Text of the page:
The Blues manager dogged adherence to his style of football is not making life easy at Chelsea and he does not like its shorthand name.
Chelsea head coach Maurizio Sarri believes the label given to his playing style is meaningless, saying he doesn’t know “what Sarriball is.”
‘Sarriball’ is coming in for increasingly harsh reviews in west London, with some reports suggesting the former Napoli boss’ job is on the line ahead of Sunday’s Carabao Cup final against Manchester City – a side Chelsea lost 6-0 to in the Premier League this month.
From persistently selecting Jorginho at the base of his midfield and deploying N’Golo Kante further forward, to showing huge resistance to any deviation from his preferred starting line-up, Sarri’s methods have been railed against by a vocal and growing minority of the Blues fanbase.
That these tactics have a snappy shorthand does not appear to be overly helpful – as demonstrated by the “F*** Sarriball” chants during Monday’s 2-0 FA Cup defeat to Manchester United at Stamford Bridge – but the 60-year-old Italian insists his reign will stand or fall by results, not style.
“I don’t know the meaning of Sarriball,” he said, “As I said in England on the first day, I don’t know what Sarriball is.
“I think it’s from a journal. In Italy, I think. I have never heard it.
“I don’t know [if it would be easier without the label]. I think that, in the end, the most important things are the results. In my job, I need the result. Nothing else.”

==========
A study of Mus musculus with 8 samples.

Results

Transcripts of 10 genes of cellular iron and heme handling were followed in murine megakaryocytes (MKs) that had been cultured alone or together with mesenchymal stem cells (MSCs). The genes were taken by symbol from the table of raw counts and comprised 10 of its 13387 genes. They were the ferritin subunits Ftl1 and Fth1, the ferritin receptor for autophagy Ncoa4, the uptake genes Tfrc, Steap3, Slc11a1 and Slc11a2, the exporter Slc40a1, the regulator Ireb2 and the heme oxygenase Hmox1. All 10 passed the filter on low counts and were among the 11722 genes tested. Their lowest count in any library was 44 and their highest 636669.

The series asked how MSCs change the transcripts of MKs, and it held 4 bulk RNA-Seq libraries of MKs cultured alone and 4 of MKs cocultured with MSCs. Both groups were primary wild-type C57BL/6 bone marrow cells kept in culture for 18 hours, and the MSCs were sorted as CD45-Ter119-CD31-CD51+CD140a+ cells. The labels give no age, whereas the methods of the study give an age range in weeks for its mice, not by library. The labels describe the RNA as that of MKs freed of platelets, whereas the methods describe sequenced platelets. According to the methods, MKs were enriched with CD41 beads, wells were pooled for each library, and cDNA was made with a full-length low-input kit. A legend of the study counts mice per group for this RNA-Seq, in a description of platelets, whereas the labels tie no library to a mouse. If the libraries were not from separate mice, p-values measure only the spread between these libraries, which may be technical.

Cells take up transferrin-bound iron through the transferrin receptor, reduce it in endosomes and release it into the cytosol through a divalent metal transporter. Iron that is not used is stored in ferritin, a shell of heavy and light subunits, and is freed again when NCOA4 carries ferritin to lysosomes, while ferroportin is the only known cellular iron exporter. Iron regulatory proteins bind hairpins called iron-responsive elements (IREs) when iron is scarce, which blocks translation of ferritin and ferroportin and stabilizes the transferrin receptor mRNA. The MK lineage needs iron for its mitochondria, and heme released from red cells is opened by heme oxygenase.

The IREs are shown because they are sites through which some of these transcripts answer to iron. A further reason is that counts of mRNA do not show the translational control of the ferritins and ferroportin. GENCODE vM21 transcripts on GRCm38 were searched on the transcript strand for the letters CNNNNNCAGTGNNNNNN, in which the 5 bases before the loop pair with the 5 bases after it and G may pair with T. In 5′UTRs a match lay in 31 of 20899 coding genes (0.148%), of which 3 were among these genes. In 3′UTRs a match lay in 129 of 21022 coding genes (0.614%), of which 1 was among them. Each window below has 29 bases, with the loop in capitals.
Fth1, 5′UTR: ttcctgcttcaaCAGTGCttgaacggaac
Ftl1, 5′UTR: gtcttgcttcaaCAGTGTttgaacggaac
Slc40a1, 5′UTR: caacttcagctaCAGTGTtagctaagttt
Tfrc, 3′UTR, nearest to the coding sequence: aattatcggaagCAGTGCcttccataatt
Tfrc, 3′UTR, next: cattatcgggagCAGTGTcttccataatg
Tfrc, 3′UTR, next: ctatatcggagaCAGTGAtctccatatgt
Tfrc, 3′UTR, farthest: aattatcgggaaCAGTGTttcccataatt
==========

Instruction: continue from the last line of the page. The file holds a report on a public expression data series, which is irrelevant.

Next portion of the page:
Placing such a premium on results might be considered unwise as Sarri prepares to face a City side in rampant mood of late.
Pep Guardiola endured similar struggles as he sought to impose his methods at the Etihad Stadium in 2016-17 but the presence of old Barcelona allies Ferran Soriano and Txiki Begiristain on the City board meant his position was seldom called into question.
Asked why attitudes towards their respective reigns have contrasted so much, Sarri replied: “Because he was lucky. I don’t know – you have to ask the club. You have to ask both, Manchester City and Chelsea.
“But I don’t know if I am under pressure from my club or from you [journalists]. I don’t know at the moment.
“I think that, if you choose Guardiola, you have to wait because the club knows very well that Guardiola needs time. It’s not really very easy for an English team to play that kind of football, so it’s normal.”
Chelsea’s preparations for the Wembley showpiece are unlikely to be exhaustive, despite the high stakes.
Sarri identified a lack of confidence among his players during the lacklustre opening to Thursday’s 3-0 Europa League win over Malmo and wants to foster a freer mentality in their approach.
“In this match, for 30 minutes, I saw a team very worried. Without confidence,” he added.
“So, I don’t want to press them. I want their minds really very free. We will prepare the match only on Saturday, I think.
“I didn’t like our minds in the first 30 minutes. I want to see something more free. So, we will prepare the match in 60 minutes, no more.”